In the past 10 years, the best-performing artificial-intelligence systems — such as the speech recognisers on smartphones or Google’s latest automatic translator — have resulted from a technique called “deep learning.”
Deep learning is in fact a new name for an approach to artificial intelligence called neural networks, which have been going in and out of fashion for more than 70 years. Modelled loosely on the human brain, a neural net consists of thousands or even millions of simple processing nodes that are densely interconnected. Most of today’s neural nets are organised into layers of nodes, and they’re “feed-forward,” meaning that data moves through them in only one direction. An individual node might be connected to several nodes in the layer beneath it, from which it receives data, and several nodes in the layer above it, to which it sends data.
Neural networks were first proposed in 1944 by Warren McCullough and Walter Pitts, two University of Chicago researchers who moved to MIT in 1952 as founding members of what’s sometimes called the first cognitive science department. A major area of research in both neuroscience and computer science until 1969, a resurgence in the 1980s before falling into eclipse again in the first decade of the new century, neural networks has returned like gangbusters in the second, fuelled largely by the increased processing power of graphics chips.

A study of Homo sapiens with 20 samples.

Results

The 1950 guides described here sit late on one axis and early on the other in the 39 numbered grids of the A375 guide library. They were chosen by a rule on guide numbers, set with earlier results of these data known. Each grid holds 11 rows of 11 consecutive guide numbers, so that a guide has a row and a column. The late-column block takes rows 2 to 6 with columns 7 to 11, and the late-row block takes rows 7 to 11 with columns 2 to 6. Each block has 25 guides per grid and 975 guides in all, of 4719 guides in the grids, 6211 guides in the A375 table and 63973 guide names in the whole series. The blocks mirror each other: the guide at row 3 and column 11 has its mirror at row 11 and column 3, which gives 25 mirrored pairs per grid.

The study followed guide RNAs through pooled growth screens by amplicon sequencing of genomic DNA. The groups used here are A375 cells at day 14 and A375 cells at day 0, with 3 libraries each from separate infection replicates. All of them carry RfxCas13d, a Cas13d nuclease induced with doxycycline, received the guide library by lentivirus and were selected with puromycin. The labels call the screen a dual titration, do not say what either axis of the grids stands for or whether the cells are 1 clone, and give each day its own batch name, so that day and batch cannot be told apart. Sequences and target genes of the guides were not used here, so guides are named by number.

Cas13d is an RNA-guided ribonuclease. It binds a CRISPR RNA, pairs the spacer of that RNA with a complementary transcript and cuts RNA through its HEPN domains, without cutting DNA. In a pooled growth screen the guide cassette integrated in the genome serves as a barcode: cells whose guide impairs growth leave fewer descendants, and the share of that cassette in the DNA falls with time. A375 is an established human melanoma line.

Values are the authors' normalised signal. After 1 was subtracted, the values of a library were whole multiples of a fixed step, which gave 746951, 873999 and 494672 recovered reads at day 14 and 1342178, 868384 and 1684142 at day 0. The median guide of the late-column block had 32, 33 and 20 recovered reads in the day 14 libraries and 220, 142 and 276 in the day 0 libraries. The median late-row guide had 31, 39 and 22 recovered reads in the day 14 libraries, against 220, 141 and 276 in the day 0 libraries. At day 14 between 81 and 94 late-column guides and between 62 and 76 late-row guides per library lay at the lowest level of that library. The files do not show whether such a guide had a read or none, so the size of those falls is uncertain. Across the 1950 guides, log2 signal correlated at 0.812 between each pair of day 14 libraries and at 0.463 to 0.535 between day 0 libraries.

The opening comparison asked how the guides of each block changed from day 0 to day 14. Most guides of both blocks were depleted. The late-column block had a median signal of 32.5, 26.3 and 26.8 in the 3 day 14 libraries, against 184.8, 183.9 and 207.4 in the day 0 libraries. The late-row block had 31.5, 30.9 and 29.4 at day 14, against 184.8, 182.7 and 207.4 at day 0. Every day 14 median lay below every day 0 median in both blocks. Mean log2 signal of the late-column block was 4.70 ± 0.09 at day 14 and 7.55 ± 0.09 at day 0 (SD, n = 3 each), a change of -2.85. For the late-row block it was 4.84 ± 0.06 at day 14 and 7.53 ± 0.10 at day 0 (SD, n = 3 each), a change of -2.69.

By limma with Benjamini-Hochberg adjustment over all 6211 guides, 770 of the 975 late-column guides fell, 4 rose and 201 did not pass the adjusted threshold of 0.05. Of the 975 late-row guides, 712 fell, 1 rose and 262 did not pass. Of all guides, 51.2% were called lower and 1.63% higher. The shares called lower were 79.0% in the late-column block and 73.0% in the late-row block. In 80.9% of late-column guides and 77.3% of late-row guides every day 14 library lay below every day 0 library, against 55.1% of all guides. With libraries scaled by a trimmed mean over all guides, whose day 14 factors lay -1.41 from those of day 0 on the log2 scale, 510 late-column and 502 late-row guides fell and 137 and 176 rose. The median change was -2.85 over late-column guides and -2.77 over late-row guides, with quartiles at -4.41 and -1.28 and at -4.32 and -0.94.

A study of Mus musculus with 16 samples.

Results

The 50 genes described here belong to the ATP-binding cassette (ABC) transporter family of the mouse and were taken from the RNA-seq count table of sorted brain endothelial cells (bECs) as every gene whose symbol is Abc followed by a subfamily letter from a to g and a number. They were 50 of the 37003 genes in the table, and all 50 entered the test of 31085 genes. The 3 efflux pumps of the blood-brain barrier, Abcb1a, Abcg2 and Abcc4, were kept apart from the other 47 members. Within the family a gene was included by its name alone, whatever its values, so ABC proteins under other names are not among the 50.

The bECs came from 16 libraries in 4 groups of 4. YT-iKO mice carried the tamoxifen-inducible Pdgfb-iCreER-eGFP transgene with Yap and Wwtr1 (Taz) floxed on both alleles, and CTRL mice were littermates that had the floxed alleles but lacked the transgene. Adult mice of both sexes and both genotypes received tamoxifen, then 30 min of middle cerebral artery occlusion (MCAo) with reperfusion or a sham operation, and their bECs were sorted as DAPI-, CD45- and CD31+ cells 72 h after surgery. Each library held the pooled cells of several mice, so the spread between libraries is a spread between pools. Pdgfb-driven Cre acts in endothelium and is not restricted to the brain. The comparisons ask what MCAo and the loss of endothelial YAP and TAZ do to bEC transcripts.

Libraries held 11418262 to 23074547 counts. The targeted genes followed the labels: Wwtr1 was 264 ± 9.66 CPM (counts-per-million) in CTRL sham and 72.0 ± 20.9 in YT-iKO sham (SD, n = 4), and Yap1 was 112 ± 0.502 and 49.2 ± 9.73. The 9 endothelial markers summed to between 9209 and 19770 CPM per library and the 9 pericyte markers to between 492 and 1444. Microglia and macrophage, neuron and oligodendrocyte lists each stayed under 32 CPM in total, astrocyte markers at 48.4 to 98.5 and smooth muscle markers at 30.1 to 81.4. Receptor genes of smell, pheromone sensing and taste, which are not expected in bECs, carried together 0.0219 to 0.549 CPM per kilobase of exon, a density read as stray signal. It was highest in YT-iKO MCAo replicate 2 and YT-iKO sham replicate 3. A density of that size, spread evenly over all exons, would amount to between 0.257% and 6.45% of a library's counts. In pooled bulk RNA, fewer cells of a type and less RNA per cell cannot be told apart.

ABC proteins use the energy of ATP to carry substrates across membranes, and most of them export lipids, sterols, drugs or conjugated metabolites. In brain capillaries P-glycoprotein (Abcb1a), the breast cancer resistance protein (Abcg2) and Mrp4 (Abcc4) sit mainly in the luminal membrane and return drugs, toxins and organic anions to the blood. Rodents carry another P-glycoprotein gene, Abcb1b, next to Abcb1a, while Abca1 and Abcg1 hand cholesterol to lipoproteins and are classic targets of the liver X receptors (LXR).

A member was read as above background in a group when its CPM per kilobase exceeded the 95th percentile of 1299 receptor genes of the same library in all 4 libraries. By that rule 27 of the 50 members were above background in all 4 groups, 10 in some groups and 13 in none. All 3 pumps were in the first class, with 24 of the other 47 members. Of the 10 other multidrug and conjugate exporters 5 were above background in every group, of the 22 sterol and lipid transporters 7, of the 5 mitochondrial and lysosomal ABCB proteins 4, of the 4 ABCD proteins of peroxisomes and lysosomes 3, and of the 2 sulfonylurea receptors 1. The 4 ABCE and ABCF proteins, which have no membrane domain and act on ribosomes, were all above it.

Neural nets are a means of doing machine learning, in which a computer learns to perform some task by analysing training examples. Usually, the examples have been hand-labeled in advance. An object recognition system, for instance, might be fed thousands of labeled images of cars, houses, coffee cups, and so on, and it would find visual patterns in the images that consistently correlate with particular labels.
The recent resurgence in neural networks — the deep-learning revolution — comes courtesy of the computer-game industry. The complex imagery and rapid pace of today’s video games require hardware that can keep up, and the result has been the graphics processing unit (GPU), which packs thousands of relatively simple processing cores on a single chip. It didn’t take long for researchers to realise that the architecture of a GPU is remarkably like that of a neural net.
Modern GPUs enabled the one-layer networks of the 1960s and the two- to three-layer networks of the 1980s to blossom into the 10-, 15-, even 50-layer networks of today. That’s what the “deep” in “deep learning” refers to — the depth of the network’s layers. And currently, deep learning is responsible for the best-performing systems in almost every area of artificial-intelligence research.
The networks’ opacity is still unsettling to theorists, but there’s headway on that front, too. In addition to directing the Centre for Brains, Minds, and Machines (CBMM), Poggio leads the centre’s research program in Theoretical Frameworks for Intelligence. Recently, Poggio and his CBMM colleagues have released a three-part theoretical study of neural networks.
The first part, which was published last month in the International Journal of Automation and Computing, addresses the range of computations that deep-learning networks can execute and when deep networks offer advantages over shallower ones. Parts two and three, which have been released as CBMM technical reports, address the problems of global optimisation, or guaranteeing that a network has found the settings that best accord with its training data, and overfitting, or cases in which the network becomes so attuned to the specifics of its training data that it fails to generalise to other instances of the same categories.